Monday, October 1, 2012

Round-Up: October 1

Here is a round-up of today's proverbs and fables - and for previous posts, check out the Bestiaria Latina Blog archives. I'm almost making good progress on my latest project - you can see the growing collection of Latin-vocabulary-via-proverbs at the Latin Via Proverbs blog.

HODIE: Kalendae Octobres, the Kalends of October.

MYTHS and LEGENDS: The art image for today's legend shows The Death of Niobe's Children; you can also see the legends for the current week listed together here.


3-WORD MOTTOES: Today's 3-word motto is Esto semper fidelis (English: Be always faithful).

3-WORD PROVERBS: Today's 3-word proverb is Litterae scriptae manent (English: Written letters last).

RHYMING PROVERBS: Today's proverb with rhyme is: Esto laborator et erit Deus auxiliator (English: You be the worker, and God will your helper).

VULGATE VERSES: Today's verse is Ubi non est scientia animae, non est bonum (Proverbs 19:2). For a translation, check out the polyglot Bible, in English, Hebrew, Latin and Greek, at the Sacred Texts Archive online.

ELIZABETHAN PROVERBS: Here is today's proverb commentary, this time by Taverner: Munerum animus optimus: The minde of giftes is best, that is to say. In the giftes or presentes of friendes the price or value of the thing that is sente is not to be considered, but the minde rather of the sender, as that renowned King Xerxes received thankfully of an uplandish man and handfull of water. And Christ also preferred the widowes two farthinges, afore all the riche mens offerings.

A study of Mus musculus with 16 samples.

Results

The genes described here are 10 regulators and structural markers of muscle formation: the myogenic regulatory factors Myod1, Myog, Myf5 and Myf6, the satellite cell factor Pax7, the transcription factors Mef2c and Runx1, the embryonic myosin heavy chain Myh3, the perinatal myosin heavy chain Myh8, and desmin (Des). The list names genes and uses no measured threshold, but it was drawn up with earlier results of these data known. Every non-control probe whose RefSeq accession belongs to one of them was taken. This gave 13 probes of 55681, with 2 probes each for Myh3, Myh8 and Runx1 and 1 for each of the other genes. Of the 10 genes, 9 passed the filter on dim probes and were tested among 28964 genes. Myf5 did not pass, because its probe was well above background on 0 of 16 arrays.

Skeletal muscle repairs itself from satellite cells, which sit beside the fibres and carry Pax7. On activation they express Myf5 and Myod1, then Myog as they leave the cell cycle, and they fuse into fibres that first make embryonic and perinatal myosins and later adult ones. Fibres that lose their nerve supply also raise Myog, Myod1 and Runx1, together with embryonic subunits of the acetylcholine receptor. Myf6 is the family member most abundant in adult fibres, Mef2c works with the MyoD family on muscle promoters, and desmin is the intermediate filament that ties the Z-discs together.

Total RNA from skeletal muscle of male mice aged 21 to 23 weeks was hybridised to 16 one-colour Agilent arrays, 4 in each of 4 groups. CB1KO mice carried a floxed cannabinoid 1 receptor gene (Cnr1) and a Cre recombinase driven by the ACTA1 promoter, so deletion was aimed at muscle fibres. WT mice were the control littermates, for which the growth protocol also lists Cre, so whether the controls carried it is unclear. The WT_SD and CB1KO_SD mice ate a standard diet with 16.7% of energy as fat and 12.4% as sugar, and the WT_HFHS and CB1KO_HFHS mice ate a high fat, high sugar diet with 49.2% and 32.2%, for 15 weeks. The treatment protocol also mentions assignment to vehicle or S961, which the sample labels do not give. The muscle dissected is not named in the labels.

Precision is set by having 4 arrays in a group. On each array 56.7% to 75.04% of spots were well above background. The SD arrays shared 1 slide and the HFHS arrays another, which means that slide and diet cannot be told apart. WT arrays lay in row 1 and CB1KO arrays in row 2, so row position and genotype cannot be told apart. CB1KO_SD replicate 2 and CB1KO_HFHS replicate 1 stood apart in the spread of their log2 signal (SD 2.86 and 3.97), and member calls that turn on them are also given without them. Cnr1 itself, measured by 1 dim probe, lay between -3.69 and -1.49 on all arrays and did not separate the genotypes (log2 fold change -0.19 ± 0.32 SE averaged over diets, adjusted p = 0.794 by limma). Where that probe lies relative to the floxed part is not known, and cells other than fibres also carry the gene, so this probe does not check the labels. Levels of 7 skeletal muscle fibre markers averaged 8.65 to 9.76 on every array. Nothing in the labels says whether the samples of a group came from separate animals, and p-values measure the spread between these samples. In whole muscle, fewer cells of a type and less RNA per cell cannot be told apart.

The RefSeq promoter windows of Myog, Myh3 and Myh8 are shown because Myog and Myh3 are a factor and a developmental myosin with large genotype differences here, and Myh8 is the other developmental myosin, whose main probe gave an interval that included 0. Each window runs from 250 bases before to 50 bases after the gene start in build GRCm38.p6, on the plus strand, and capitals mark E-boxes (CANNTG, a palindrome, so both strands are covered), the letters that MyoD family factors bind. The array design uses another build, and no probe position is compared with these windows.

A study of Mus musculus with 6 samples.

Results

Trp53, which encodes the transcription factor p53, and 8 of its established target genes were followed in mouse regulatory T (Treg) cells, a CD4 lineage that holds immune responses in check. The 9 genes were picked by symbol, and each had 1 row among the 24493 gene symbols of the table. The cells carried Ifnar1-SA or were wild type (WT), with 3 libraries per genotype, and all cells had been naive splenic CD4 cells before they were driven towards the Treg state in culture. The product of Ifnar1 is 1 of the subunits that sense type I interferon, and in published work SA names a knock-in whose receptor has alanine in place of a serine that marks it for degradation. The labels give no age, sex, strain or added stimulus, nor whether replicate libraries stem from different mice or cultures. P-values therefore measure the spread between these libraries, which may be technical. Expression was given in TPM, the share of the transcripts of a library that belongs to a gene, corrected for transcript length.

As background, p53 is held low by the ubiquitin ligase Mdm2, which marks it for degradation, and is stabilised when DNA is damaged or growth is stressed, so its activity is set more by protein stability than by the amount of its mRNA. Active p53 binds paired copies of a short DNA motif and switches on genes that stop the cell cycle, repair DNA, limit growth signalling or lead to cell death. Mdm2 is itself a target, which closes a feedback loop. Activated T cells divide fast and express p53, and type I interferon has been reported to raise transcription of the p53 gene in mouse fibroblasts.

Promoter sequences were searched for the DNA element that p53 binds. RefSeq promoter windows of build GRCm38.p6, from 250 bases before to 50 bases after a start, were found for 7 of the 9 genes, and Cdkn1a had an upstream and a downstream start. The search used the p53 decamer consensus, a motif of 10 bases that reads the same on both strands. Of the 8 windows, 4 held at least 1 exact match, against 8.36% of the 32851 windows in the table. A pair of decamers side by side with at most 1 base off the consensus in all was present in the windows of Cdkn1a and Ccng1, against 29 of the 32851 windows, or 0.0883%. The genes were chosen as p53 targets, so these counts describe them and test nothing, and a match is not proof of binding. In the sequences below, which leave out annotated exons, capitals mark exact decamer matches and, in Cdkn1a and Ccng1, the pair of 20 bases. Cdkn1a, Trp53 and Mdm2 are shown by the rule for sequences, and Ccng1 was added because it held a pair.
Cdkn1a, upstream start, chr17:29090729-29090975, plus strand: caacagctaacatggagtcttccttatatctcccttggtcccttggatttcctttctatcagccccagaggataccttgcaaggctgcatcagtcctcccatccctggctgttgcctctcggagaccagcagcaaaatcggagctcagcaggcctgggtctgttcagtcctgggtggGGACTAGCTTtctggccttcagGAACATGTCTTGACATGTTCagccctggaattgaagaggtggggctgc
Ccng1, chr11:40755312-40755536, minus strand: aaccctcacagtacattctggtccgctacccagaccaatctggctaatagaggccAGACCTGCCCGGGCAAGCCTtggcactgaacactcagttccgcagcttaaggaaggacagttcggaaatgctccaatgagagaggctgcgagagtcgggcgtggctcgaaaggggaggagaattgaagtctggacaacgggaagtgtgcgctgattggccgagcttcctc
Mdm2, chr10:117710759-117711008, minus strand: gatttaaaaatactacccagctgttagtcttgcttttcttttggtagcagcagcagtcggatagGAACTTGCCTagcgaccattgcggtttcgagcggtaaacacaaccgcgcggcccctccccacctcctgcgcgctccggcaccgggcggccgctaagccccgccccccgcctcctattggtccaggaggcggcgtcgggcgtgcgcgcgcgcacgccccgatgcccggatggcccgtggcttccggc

BREVISSIMA: The distich for today is Divitiis Utamur ut Oportet: Divitiis utare tuis, tamquam moriturus; / Tamquam victurus, parcito divitiis.

And here is today's proverbial lolcat:


FABULAE FACILES: The fable from the Fabulae Faciles widget is Simia et Piscatores, the story of the monkey who wanted to go fishing (this fable has a vocabulary list).

MILLE FABULAE: The fable from the Mille Fabulae et Una widget is Oves et Lupi, about what happened when the sheep foolishly made a peace treaty with the wolves.

AESOP IN ENGLISH VERSE: Today's fable from the English verse widget is The Fox and The Crow, the famous story of the fox flattering the crow, and taking the cheese as her prize.

Also, via Sharon James at UNC Chapel Hill, I'm sharing this great video which is just one of several from the NEH Summer Institute on Roman Comedy in Performance. Thanks so much to Sharon and all the performances for sharing their work - you can see more, with scenes both in Latin and in English, over at their YouTube channel. Euge!